The prominent researcher has been put on administrative leave pending an investigation into unspecified allegations.
A spring cleaning led to the rediscovery of Theodor Boveri’s microscope slides, presumed lost during World War II.
December 1, 2014|
ULRICH SCHEER, UNIVERSITY OF WURZBURG On March 16, 1945, an air raid on the city of Würzburg, Germany, killed nearly 5,000 residents and reduced most buildings to rubble. When the city was rebuilt in subsequent years, workers meticulously restored many public buildings, such as churches, cathedrals, and the University of Würzburg.
In 1992, the Zoological Institute in Würzburg, part of the Theodor Boveri Institute of Biosciences at the University of Würzburg, underwent another transition, moving quarters to a more modern, multidisciplinary facility at the university’s Biocenter. After the move, Ulrich Scheer, then chair of the zoology department, and his colleagues set out to clean the institute’s cellars, cluttered with years of academic detritus.
The basement “was pure chaos,” Scheer recalls. But as he sifted through hundreds of folders of microscope slides, a few stood out. Four of the book-shape folders contained nearly 700 century-old glass slides, prepared by the institute’s very namesake, cell biologist Theodor Boveri, and his wife and colleague Marcella O’Grady. Carefully labelled and dated by Boveri himself, the slides represent some of Boveri’s seminal experiments with roundworms (Ascaris spp.) and sea urchin embryos, which helped him develop his theories on the cellular role of centrosomes.
The slides had been presumed destroyed in the 1945 bombing, says Scheer. But the ink handwriting on these specimens caught his eye. “Most [of the folders] contained student projects, but on some folders I noticed the handwritten notes from Boveri,” says Scheer. “I knew the handwriting because he had written several letters related to his centrosome research, including some to [Wilhelm] Röentgen, the discoverer of X-rays, who was a very good friend of his.” Having read those letters, Scheer recognized the significance of the slides. “I was really delighted to find them,” he recollects.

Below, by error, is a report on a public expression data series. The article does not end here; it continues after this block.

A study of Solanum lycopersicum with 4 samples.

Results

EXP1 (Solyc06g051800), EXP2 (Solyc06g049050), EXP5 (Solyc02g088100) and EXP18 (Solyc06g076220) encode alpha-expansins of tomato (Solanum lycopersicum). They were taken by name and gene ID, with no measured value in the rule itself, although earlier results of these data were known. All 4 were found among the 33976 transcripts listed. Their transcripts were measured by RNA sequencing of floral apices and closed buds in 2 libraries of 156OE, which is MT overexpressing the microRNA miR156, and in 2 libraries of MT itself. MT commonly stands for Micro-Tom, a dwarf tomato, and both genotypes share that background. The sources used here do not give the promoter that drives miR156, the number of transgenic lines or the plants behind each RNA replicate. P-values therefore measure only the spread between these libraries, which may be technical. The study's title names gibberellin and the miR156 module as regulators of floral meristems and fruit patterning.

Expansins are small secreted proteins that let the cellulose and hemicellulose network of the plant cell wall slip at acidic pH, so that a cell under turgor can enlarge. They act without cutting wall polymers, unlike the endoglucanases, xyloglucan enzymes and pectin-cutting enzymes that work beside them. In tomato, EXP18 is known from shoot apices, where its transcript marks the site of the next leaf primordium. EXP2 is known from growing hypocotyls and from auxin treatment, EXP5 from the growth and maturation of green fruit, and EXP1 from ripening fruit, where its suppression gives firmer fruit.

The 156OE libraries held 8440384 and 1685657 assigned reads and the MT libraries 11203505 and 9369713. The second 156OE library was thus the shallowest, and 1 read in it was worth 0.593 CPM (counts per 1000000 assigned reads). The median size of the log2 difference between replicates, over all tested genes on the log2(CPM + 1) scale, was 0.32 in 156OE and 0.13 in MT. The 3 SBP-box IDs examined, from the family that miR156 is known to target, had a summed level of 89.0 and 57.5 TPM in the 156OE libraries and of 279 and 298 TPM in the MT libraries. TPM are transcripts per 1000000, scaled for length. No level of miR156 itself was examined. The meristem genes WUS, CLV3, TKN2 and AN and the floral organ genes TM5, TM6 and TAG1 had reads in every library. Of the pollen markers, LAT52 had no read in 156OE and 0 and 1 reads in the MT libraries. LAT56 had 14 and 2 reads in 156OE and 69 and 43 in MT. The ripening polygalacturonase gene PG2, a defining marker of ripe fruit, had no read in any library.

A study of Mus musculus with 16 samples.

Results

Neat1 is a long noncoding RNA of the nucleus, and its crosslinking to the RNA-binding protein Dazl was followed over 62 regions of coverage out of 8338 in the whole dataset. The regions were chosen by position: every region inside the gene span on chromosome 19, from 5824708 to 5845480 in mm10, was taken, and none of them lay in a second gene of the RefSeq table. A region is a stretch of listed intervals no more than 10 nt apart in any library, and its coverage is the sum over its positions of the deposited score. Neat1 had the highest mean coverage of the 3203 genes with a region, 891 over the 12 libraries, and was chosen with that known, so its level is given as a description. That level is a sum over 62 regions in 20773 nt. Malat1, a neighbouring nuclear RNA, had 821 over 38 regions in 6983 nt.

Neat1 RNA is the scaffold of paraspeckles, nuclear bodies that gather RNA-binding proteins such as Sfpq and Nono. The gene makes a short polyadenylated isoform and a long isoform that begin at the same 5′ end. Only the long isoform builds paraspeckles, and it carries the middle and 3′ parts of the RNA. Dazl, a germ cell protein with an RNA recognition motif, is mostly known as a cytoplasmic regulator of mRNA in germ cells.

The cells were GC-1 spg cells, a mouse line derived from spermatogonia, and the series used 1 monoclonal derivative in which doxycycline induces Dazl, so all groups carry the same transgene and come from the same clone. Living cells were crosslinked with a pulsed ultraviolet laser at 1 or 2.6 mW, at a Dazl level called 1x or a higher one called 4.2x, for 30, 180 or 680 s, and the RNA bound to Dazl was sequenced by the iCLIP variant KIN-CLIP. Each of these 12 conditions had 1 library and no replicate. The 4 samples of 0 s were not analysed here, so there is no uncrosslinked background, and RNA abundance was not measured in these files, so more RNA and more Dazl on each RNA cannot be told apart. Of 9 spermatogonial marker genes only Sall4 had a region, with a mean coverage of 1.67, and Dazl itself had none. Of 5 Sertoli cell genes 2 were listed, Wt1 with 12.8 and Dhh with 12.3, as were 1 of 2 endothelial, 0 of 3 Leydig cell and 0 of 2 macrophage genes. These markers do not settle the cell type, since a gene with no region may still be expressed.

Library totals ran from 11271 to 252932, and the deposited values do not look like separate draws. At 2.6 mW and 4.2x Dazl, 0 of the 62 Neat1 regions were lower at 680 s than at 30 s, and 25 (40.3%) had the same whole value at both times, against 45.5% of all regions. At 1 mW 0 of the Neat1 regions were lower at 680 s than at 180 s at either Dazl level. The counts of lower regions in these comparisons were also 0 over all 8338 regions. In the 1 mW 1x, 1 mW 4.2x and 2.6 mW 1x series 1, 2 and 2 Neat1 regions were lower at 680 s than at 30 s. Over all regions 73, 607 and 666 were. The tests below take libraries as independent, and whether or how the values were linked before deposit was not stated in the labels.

Boveri’s studies of the centrosome began at the end of the 19th century. In 1887, he published a short communication detailing the organelle’s involvement in organizing the mitotic spindle and other cellular structures during cell division. Although his early research relied on living Ascaris and sea urchin eggs, he later began to focus on slicing sea urchin eggs into sections, a process accomplished by wrapping a mass of eggs in shed salamander skin, then dehydrating and sectioning the sample much like a larger piece of tissue.
Several of the slides Scheer stumbled upon represent these later investigations, which helped to elucidate the role of the nucleus and chromosomes in inheritance. Boveri and O’Grady likely prepared the samples during their research stays at the Zoological Station in Naples at the turn of the 20th century. The slides “bear testimony to Boveri’s important discoveries that chromosomes are the carriers of heredity, that they are genetically different and that proper embryonic development depends on a correct complement of chromosomes,” Scheer wrote in a review in the Philosophical Transactions of the Royal Society B (doi:10.1098/rstb.2013.0469, 2014).
Having survived the bombing of an entire city and multiple moves from buildings where they were housed, the fragile glass slides are now part of a permanent display in the foyer of the Biocenter.